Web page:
DHS: Russia Not Targeting Election Systems Like 2016
No evidence of a robust campaign aimed at tampering with midterms
U.S. intelligence agencies and the Department of Homeland Security are not seeing evidence so far of a concerted effort by Russia to hack or penetrate American election systems during the 2018 midterms, top Homeland Security officials told lawmakers Wednesday.
Although the 2018 “midterms remain a potential target for Russian actors,” the intelligence community has yet to see evidence of a robust campaign aimed at tampering with our election infrastructure along the lines of 2016 or influencing the makeup of the House or Senate races, Christopher Krebs, the top DHS official overseeing cybersecurity and elections security, told the House Homeland Security Committee.
But intelligence agencies do see Russian actors using social media platforms, adopting false personas and other means to inflame Americans on controversial issues, Krebs said.
Across the Capitol in a Senate Rules Committee hearing on election security, Matthew Masterson, a cybersecurity adviser to the Department of Homeland Security, echoed Krebs’ comments. Krebs and Masterson deviated from their prepared remarks to emphasize that there wasn’t sufficient evidence of Russian efforts to target state election systems, as Moscow did during the 2016 presidential election.
U.S. officials have said that Russia attempted to break into as many as 21 state election systems during the 2016 presidential election and managed to access voter registration databases in a handful of cases, though no vote totals were altered as a result.
In June, at an event organized by the Atlantic Council, Coats said, “We continue to see Russian targeting of American society in ways that could affect our midterm elections.”
Democratic Rep. Bonnie Watson Coleman of New Jersey pressed Krebs on whether Russian actors attempting to penetrate election systems could be going undetected. Krebs responded, “I don’t know what I don’t know.”
Top Republican lawmakers on the House Homeland Security panel downplayed Russian threats to elections, saying that Moscow has been trying to influence American elections for a century.
“Russia, or the USSR in its previous version, has been involved in the United States and undermining the United States since 1917, since the Bolshevik revolution,” Republican Rep. Scott Perry of Pennsylvania said. “They infiltrated our government at the very highest levels and influenced policy in magnificent effect in the decades past. … So this is nothing new.”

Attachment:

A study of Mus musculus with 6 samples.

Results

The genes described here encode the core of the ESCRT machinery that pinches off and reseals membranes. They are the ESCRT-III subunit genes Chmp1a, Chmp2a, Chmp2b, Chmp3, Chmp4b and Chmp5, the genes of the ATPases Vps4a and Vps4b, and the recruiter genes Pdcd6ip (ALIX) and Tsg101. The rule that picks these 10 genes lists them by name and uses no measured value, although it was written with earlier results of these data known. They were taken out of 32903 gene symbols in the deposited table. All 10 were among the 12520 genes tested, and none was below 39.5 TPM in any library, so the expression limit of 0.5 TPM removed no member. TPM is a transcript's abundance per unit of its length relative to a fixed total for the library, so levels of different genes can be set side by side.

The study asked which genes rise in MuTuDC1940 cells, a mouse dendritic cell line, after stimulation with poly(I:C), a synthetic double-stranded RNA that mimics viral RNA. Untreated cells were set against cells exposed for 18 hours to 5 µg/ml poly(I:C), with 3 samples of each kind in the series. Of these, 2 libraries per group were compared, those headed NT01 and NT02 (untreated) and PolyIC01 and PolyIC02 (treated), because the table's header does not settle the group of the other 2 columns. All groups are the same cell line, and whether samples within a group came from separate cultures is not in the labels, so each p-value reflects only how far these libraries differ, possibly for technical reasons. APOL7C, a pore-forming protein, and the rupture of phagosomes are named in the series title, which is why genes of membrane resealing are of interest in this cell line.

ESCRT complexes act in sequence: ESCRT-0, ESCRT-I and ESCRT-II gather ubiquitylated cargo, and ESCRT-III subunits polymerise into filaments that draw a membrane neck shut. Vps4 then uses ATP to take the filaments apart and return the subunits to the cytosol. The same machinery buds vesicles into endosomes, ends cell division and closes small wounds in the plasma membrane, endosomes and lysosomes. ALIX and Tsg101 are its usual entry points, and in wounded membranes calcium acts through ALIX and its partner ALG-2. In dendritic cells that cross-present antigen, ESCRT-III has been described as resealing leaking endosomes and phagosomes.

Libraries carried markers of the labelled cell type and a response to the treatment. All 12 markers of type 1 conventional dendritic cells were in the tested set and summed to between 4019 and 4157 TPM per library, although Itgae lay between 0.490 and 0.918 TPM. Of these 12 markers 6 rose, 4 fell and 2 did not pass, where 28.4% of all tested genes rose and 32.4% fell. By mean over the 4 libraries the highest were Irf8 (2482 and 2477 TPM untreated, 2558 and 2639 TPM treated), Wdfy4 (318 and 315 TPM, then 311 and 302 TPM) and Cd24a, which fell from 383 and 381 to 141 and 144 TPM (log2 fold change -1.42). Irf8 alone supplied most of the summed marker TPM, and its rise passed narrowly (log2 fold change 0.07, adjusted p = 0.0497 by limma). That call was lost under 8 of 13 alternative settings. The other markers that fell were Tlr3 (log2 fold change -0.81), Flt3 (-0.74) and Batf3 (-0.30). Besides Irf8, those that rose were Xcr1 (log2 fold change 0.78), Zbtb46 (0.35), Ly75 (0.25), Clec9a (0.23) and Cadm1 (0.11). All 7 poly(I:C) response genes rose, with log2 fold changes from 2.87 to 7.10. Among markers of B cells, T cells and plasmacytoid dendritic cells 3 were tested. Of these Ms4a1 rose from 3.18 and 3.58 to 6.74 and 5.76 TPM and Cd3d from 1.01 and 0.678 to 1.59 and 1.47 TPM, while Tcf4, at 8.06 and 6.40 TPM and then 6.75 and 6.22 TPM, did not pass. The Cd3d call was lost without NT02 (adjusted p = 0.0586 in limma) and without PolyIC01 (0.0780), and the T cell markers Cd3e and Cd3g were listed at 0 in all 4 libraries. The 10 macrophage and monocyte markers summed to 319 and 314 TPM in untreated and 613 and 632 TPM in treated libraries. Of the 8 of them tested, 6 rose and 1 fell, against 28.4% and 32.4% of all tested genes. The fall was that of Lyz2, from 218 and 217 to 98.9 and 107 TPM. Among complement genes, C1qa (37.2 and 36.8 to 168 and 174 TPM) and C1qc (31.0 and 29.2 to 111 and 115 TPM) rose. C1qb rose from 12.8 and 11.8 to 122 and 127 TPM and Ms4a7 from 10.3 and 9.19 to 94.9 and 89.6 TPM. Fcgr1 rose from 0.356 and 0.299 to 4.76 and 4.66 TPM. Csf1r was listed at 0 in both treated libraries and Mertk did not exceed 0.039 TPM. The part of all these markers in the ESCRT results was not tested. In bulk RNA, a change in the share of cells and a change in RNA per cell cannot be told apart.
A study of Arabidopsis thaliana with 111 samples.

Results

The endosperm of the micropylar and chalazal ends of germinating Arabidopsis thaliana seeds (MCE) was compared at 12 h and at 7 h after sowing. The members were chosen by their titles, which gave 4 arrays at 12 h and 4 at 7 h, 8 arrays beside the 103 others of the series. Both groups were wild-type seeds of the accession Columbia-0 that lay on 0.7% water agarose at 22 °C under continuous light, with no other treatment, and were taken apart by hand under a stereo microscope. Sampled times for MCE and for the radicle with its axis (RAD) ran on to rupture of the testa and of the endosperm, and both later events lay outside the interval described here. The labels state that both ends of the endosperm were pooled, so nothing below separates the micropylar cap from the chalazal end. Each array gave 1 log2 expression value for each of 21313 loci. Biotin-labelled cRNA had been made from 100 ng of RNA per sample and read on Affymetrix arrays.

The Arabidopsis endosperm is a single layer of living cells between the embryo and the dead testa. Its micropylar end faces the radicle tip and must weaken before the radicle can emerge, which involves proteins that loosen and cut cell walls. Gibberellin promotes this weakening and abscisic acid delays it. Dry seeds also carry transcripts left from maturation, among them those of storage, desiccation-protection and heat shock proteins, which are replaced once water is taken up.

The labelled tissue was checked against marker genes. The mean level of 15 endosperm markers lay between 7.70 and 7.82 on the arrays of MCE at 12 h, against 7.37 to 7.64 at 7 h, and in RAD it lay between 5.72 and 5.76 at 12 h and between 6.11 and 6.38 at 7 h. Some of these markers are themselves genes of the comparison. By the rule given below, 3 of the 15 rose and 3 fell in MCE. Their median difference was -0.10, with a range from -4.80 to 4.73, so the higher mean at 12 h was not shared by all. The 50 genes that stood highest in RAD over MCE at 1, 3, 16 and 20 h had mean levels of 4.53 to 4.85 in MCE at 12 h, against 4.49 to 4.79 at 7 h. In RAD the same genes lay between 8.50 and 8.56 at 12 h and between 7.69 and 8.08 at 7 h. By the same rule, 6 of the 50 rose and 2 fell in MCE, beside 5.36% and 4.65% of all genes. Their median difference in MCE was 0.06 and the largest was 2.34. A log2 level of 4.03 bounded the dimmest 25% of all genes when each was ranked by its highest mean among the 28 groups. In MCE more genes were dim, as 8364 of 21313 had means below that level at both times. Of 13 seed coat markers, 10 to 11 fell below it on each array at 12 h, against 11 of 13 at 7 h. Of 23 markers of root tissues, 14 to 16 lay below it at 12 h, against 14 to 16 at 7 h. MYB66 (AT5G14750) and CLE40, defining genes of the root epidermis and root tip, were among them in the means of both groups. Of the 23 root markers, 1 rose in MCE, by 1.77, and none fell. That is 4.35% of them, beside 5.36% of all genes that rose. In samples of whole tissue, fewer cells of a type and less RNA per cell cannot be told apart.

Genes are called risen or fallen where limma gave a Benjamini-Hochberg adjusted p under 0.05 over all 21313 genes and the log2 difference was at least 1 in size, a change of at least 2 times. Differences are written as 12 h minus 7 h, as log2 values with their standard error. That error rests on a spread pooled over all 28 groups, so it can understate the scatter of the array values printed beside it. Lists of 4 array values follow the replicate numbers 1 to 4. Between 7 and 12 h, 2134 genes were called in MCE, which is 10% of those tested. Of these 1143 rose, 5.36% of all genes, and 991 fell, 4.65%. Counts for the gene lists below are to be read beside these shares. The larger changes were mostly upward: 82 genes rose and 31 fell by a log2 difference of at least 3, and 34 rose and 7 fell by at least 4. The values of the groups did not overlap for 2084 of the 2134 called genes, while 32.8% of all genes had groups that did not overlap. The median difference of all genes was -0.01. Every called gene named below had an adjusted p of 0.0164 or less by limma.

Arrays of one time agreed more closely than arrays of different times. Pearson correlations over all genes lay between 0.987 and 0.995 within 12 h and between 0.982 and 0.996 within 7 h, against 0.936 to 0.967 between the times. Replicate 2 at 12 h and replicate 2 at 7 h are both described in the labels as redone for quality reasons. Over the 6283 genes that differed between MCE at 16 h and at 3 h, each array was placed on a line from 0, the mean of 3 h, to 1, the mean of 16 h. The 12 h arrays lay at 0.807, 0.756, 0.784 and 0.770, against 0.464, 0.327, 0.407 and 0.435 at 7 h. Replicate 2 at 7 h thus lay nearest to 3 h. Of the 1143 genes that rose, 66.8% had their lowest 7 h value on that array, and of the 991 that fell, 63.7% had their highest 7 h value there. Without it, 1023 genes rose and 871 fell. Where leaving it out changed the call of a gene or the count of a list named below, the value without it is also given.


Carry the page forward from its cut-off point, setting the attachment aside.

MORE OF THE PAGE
McCaul cited an example from the 1990s when a Chinese foreign national was charged with contributing money to President Bill Clinton’s campaign.
Over in the Senate Rules Committee, meanwhile, Republican lawmakers pressed witnesses on whether Russian interference in the 2016 election led to any alteration of vote totals.
GOP Sen. Ted Cruz of Texas said no vote totals were altered in 2016 and that most of the Russian efforts aimed at local elections systems were at an elementary level of simple probing and scans — something that happens to computer systems all around the world every day.
Christy McCormick, vice chairwoman of the Election Assistance Commission, told Cruz it “would be very difficult” for a foreign entity to alter vote totals. There are 8,000 voting jurisdictions in the United States, none of them connected electronically to each other, and election officials are vigilant about checking machines before and after elections for any tampering, she said.
Still, she said, “Every system is vulnerable and things can happen. … It would be difficult, but I can’t ever say impossible.”
Such assurances left Democratic Sen. Mark Warner of Virginia, who also is a member of the Senate Intelligence Committee, worried.
“I am very concerned that there is a lot of chest thumping about how well we did in 2016, and I think we should be very cautious in terms of some of those claims made, especially as we face an ongoing threat,” Warner told the Senate Rules Committee. “Russia and or others will be back in trying to penetrate our systems. … I’m afraid some of these self-accolades could come back to bite us.”
Charlene Zhang contributed to this report.